Small aquatic perennial herb.

Scientific nameElodea canadensis Michx.

Common names: Canadian pondweed, common elodea, Canadian waterweed, American elodea, broad waterweed


Status in Portugal: invasive species (listed in the annex I of Decreto-Lei n° 565/99, of 21 December)

Risk Assessment score: (in development)

SynonymyAnacharis canadensis (Michx.) Planch., Anacharis canadensis (Michx.) Planch. var. planchonii (Caspary) Victorin, Elodea brandegeeae St. John, Elodea ioensis Wylie, Elodea linearis (Rydb.) St. John, Elodea planchonii Caspary, Philotria canadensis (Michx.) Britt., Philotria linearis Rydb.

Last update: 08/07/2014


Perennial aquatic herb, dark green, with thin stems and a fragile look.

Leaves: 5-12 x 1-2 mm, rarely larger, generally linearoblongobtuse, finely serrate on the 2/3 distal, frequently 3 on each node.

Flowers: rarely produced; male and female flowers occur on different plants; 3 green sepals, purple-striated; withe petals, narrower than sepals, 5 (6) mm long; 9 yellow stamens.

Frutoscapsules with 6-9 mm, with 3-4 seeds inside.

Flowering: May to August.


Similar species

Egeria densa Planch. is very similar, distinguishing itself by its robustness and size – the leaves are normally longer than 2 cm and they appear (at least the superior ones) with more than 3 in each node. The flowers of Egeria densa are also larger, with petals on male flowers up to 12 mm long. According to some references, E. densa, presents a larger extension in Portugal.


Characteristics that aid invasion

It propagates vegetatively by stem fragmentation. Each fragment may be dragged by the water flow and originate new invasion foci far from the original population.

It also reproduces by seed, though less frequently.


Native distribution area

North America.


Distribution in Portugal

Mainland Portugal (Beira Litoral).


Geographic areas where there are records of Elodea canadensis


Other places where the species is invasive

Europe (United Kingdom, Ireland, Czech Republic, Germany, France, Denmark, Finland, Norway, Poland, Spain, Switzerland, Italy, Lithuania, Lithonia, Estonia), South America (Chile), Australia, New Zealand.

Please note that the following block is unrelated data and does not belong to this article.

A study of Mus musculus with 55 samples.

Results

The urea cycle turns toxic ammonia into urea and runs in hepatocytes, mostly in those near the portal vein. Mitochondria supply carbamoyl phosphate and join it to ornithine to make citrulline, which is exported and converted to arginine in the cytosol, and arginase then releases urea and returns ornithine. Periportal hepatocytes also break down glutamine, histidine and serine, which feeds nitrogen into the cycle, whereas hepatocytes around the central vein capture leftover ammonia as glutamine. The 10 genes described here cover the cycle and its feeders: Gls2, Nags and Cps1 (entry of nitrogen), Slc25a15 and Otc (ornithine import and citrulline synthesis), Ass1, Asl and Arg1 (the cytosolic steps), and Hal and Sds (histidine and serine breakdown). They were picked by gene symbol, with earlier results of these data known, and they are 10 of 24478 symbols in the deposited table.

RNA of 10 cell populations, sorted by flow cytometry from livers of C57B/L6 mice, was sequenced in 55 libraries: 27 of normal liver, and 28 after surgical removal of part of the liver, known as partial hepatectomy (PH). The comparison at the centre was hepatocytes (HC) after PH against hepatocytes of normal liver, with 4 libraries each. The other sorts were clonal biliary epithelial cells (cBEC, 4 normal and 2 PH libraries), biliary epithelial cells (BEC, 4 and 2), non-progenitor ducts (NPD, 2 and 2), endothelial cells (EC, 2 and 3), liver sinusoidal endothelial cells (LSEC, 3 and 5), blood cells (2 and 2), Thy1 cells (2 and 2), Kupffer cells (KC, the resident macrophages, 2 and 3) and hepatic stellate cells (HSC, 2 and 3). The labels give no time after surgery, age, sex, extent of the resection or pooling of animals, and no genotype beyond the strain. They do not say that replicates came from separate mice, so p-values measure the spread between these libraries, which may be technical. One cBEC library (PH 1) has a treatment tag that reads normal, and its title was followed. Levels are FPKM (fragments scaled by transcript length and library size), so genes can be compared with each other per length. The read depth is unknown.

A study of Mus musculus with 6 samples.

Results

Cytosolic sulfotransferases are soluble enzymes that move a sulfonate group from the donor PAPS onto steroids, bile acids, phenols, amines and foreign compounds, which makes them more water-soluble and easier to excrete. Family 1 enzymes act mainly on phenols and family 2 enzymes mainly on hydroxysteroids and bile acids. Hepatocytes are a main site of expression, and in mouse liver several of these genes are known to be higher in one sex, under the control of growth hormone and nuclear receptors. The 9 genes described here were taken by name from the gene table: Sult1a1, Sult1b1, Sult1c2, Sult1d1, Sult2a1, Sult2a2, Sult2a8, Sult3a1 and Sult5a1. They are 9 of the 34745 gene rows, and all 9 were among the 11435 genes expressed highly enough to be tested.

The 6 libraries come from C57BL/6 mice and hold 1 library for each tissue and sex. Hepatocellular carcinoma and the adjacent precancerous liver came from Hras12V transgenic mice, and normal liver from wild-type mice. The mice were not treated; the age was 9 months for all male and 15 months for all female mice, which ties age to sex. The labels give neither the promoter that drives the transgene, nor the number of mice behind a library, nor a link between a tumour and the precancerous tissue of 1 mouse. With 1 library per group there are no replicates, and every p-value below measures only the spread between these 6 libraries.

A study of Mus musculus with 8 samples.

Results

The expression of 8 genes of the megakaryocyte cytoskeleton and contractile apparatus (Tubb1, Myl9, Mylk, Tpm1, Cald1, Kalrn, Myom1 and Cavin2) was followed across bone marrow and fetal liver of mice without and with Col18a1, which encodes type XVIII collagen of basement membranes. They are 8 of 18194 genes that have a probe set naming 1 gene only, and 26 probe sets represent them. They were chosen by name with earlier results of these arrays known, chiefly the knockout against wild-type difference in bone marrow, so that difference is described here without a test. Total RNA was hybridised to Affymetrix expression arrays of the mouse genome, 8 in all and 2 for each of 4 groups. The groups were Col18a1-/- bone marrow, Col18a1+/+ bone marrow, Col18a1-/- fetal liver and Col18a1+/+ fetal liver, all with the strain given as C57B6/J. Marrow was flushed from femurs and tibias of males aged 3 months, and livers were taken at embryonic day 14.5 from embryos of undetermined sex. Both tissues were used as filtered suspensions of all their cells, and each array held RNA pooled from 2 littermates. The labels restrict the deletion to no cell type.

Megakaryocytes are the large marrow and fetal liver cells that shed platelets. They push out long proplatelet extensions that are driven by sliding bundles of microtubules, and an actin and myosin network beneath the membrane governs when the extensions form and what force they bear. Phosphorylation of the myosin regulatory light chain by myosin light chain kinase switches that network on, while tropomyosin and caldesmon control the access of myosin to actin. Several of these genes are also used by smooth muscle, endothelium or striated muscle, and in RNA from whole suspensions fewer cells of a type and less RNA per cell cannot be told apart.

Introduction reasons

Probably for ornamental purposes. Used as an ornamental plant in fishkeeping.


Preferential invasion environments

Lagoons, ditches and rice fields.

It grows between 0,5 and 7 cm deep, standing still or moving slowly.

It develops mainly in basic, cold and limpid water.

Although it’s considered as being an invasive species, its dispersion in Portugal is relatively limited.

Impacts on ecossystems

It grows into mats that may totally cover the water surface. Its growth reduces the water flow up to 80%, changes the available lighting and prevents the growth of native species.


Economic impacts

It diminishes the recreational use of the invaded area and may cause problems in irrigation systems.

Potentially high costs in applying control measures.


Natura 2000 network habitats more subject to impacts

– Natural euthrophic lakes with Magnopotamion or Hydrocharition-type vegetation (3150).

Controlling an invasive species demands a well-planned management, which includes the determination of the invaded area, identifying the causes of invasion, assessing the impacts, defining the intervention priorities, selecting the adequate control methodologies and their application. Afterwards it is fundamental to monitor the efficiency of the methodologies and recuperation of the intervened area as to perform, whenever necessary, the follow-up control.

The control methodologies used for Elodea canadensis include:


Physical control

Manual/mechanical removal (preferential methodology). Manual removal or by using nets and dredging. For the success of this methodology, it’s fundamental not to create and/or leave large fragments in the water.

Shadowing of the invaded waterbodies. The shadowing may be obtained by tree planting on the banks of the affected areas or by applying an opaque covering.


Chemical control

Herbicide application. Herbicide spray (active substance: diquat in formulas adapted to aquatic environments). It is expensive and only temporary. It affects non-target species and its efficiency is very dependent on the age and phenological state of the plants and the presence of debris in the water, so it may result in very low success rates.


Biological control

The presence of carps and other fishes enhances the water’s turbidity and, thus, reduces the probability of the species’ expansion.


Visit the webpage How to Control for additional and more detailed information about the correct application of these methodologies.


CABI (2012) Elodea canadensis. In: invasive">Invasive species">Species Compendium. CAB International, Wallingford, UK. Available: http://www.cabi.org/isc/ [Retrieved 29/11/2012]. DAISIE European invasive">Invasive Alien species">Species Gateway (2012) Elodea canadensis. Available: http://www.europe-aliens.org/speciesFactsheet.do?speciesId=1052 [Retrieved 29/11/2012]. DiTomaso JM, Healy EA (2003) Aquatic and riparian weed of the West. University of California; Agriculture and Natural Resources. Oakland.California 442pp. Global invasive">Invasive species">Species Database (2012) Elodea canadensis. Available: http://www.issg.org/database/species/search.asp?sts=sss&st=sss&fr=1&x=0&y=0&sn=elodea+canadensis&rn=&hci=-1&ei=-1&lang=EN [Retrieved 29/11/2012]. Marchante E, Freitas H, Marchante H (2008) Guia prático para a identificação de plantas invasoras de Portugal Continental. Imprensa da Universidade de Coimbra, Coimbra, 183pp. Vernon E, Hamilton H (2011) Literature review on methods of control and eradication of Canadian pondweed and Nuttall’s pondweed in standing waters. Scottish Natural Heritage Commissioned Report n° 433, 45pp.